Während die Sperrung zur Beendigung der Ausbreitung des Coronavirus in Indien anhält, sind die Verschmutzungswerte in weiten Teilen des Landes stark zurückgegangen. Jetzt sagen einige Bewohner in Nordindien, dass sie zum ersten Mal seit 30 Jahren den 200 Kilometer entfernten, schneebedeckten Himalaya sehen können.
Faszinierend, erstaunlich, massiv, überraschend, nie zuvor. In den sozialen Medien gab es keinen Mangel an Worten, um auszudrücken, was die Menschen im Distrikt Jalandhar in Punjab in Indien fühlten.
Sant Balbir Singh Seechewal sagt, dass er so etwas noch nie gesehen hat.
- Indien ist derzeit für 21 Tage gesperrt.
- Indiens Central Pollution Board sagt, dass es eine „signifikante Verbesserung der Luftqualität“ gegeben hat
„Wir können die schneebedeckten Berge von unseren Dächern aus deutlich sehen. Und nicht nur das, Sterne sind nachts sichtbar. So etwas habe ich in letzter Zeit noch nie erlebt“, sagt Herr Seechewal, der sich seit über 30 Jahren dafür einsetzt, das Bewusstsein für Umweltverschmutzung zu schärfen.
Bilder der schneebedeckten Dhauladhar-Reihe des Himalaya wurden weithin geteilt.
Der ehemalige indische Cricketspieler Harbhajan Singh sagte, es sei eine nie dagewesene Erfahrung.
“Never seen Dhauladar range from my home rooftop in Jalandhar. Never could imagine that’s possible. A clear indication of the impact the pollution has done by us to mother earth,” Mr Singh posted on Twitter.
India pollution to ‚unbelievably low levels‘
India, a country of nearly 1.4 billion people, has been under lockdown due to the COVID-19 pandemic since 22 March.
“Not just normal traffic is off the roads, but most industry is also shut down. This has helped bring the pollution level to unbelievably low levels,” Mr Seechewal said.
India’s Central Pollution Board says the nationwide Janta Curfew on March 22, and lockdown since March 22, have resulted in significant improvement in air quality in the country.
In Delhi alone, overall, there was a reduction of up to 44 per cent in PM10 March 22-23, 2020 compared to the previous day.
According to the India Today Data Intelligence Unit (DIU) from March 16-27, the air quality index improved by 33 per cent on an average in the country.
“Data shows that on average, Indian cities had an AQI of 115 between March 16 and 24. The air quality started showing improvements from the first day of the 21-day lockdown. The average AQI fell to 75 in the first three days of the lockdown,” reads the report.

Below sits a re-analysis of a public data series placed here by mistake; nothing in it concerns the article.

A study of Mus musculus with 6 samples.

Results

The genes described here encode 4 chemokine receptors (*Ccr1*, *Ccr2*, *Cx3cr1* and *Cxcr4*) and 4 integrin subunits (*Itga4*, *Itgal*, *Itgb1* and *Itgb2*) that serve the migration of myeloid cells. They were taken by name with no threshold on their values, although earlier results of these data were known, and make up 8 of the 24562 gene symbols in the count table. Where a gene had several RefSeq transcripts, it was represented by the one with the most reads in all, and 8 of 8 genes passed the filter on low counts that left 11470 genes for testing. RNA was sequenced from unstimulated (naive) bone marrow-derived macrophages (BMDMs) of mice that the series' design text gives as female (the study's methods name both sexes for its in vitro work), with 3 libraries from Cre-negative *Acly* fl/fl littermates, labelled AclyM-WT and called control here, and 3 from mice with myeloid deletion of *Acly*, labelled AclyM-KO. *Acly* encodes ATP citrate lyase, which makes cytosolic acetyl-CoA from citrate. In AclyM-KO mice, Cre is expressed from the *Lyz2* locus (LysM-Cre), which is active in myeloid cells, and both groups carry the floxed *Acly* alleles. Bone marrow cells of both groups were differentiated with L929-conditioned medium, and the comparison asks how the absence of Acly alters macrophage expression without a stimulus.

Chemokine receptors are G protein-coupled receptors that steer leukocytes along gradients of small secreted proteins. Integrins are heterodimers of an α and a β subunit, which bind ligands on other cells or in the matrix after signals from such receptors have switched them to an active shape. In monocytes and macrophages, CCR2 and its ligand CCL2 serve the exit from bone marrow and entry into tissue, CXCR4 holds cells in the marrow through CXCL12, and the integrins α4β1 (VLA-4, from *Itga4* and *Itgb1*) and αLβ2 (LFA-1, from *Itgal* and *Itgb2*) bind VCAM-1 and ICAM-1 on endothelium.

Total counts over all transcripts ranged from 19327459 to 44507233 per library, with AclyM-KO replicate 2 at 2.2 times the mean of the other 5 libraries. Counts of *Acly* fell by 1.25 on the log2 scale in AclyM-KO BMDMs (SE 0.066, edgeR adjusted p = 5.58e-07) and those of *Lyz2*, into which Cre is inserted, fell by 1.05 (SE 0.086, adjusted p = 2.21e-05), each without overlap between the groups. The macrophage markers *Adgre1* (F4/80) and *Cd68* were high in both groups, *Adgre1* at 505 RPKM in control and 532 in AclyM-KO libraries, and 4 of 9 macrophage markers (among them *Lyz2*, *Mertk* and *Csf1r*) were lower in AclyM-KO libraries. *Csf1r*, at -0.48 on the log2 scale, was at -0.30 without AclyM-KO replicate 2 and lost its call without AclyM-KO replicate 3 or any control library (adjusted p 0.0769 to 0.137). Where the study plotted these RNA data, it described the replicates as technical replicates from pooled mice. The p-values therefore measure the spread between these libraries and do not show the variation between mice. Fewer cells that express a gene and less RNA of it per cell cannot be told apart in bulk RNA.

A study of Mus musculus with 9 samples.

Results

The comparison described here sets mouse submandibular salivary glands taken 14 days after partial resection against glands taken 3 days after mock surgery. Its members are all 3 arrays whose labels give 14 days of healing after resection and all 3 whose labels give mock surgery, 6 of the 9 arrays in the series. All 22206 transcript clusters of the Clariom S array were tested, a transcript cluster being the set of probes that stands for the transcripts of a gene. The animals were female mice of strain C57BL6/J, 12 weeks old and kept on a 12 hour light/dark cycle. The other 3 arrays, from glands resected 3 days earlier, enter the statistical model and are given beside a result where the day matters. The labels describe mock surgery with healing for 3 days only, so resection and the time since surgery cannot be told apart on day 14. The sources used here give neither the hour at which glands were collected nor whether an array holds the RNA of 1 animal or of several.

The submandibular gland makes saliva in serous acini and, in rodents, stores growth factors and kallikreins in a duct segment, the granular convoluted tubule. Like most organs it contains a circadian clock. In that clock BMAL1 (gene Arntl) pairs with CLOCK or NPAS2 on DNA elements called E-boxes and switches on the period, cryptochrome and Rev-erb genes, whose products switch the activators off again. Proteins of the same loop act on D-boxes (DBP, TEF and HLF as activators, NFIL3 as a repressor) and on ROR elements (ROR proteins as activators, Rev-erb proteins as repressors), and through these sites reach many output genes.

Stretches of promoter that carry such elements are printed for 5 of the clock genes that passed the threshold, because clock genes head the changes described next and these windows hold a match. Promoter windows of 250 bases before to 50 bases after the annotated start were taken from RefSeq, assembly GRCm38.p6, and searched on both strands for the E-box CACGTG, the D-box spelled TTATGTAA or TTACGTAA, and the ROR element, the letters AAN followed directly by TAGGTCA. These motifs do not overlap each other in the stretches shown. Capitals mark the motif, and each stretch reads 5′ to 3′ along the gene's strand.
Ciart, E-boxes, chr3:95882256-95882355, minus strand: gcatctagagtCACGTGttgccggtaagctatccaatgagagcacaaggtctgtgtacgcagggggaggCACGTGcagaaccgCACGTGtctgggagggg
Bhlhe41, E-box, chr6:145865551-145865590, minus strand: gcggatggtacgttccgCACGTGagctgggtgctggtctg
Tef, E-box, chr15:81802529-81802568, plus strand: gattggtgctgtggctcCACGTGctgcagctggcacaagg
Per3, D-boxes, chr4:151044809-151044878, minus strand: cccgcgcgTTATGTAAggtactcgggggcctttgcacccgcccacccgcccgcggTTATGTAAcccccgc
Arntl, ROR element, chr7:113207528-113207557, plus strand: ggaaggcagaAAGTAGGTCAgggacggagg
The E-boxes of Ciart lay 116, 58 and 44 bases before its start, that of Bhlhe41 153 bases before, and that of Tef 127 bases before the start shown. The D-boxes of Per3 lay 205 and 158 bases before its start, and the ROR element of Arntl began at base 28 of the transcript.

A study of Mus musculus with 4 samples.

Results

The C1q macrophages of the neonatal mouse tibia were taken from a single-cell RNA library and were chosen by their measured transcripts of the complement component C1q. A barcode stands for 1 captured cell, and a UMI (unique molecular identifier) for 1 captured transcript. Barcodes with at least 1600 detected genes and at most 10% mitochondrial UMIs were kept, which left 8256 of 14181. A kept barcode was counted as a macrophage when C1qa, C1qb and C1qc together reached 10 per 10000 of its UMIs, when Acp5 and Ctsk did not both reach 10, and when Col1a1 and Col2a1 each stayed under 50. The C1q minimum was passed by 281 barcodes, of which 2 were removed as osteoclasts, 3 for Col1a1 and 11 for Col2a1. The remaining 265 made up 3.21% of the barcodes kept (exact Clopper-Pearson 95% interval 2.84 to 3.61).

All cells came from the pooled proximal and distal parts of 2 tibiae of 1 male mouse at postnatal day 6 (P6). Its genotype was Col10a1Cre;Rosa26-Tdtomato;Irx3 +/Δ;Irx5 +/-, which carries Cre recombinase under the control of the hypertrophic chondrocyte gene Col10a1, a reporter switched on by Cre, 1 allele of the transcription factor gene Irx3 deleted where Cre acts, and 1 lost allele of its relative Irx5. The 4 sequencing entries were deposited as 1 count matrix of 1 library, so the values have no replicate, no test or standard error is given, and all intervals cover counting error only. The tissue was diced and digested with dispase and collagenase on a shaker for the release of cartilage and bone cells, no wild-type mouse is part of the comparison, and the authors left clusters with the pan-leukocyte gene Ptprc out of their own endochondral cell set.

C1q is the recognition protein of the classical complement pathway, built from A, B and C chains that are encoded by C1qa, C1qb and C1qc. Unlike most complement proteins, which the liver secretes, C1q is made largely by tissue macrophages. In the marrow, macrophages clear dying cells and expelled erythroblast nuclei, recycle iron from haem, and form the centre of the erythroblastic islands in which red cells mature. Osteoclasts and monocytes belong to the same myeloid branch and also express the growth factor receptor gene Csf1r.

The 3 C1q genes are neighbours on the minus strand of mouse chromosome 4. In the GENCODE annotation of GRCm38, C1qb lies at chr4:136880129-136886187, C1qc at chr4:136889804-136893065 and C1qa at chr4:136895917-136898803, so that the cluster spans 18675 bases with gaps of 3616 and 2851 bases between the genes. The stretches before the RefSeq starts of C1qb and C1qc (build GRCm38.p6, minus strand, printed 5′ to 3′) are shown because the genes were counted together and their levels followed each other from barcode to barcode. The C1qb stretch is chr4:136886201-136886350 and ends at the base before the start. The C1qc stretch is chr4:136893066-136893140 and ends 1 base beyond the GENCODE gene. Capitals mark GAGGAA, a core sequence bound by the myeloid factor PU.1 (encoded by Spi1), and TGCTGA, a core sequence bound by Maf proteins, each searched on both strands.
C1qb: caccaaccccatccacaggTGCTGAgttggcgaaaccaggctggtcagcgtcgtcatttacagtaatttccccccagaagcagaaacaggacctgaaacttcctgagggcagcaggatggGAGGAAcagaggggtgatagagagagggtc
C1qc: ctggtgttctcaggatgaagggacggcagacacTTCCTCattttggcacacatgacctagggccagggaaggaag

The World Health Organisation says the safe limit for air quality is to keep the particulate matter PM2.5 below 20mg/m3.
India, during most of the year, records five times higher (PM 2.5 higher than 100mg/m3) than the global safe limit.
Official figures suggest the lockdown has so far helped keep the spread of coronavirus under control.
According to the latest figures from India’s health ministry, the total number of COVID-19 cases in the country has passed the 4,000 mark with over 100 people dead so far.
Balbir Singh Seechewal says this should be taken as a wake-up call.
“I had never imagined I would experience such a clean world around me. The unimaginable has happened. It shows nothing is impossible. We must work together to keep it like that,” he said.
Worldwide pollution levels drop amid Coronavirus measures
The shutdown of businesses and activities related to Covid-19 has also led to a decrease in nitrogen dioxide concentration across the world.
The European Union’s space agency (ESA) has detected reductions in the pollutant nitrogen dioxide associated with shutdowns due to the coronavirus across the world.
New research is now looking at why the mortality rate was up to 12 per cent in parts of northern part of Italy compared to approximately 4.5 per cent in the rest of the country.
Scientists at Aarhus University say they found a „probable correlation between air pollution and mortality in two of the worst affected regions in northern Italy.“
Their research has been published in the scientific journal Environmental Pollution.
People in Australia must stay at least 1.5 metres away from others and gatherings are limited to two people unless you are with your family or household.
If you believe you may have contracted the virus, call your doctor (don’t visit) or contact the national Coronavirus Health Information Hotline on 1800 020 080. If you are struggling to breathe or experiencing a medical emergency, call 000.
SBS is committed to informing Australia’s diverse communities about the latest COVID-19 developments. News and information is available in 63 languages at sbs.com.au/coronavirus.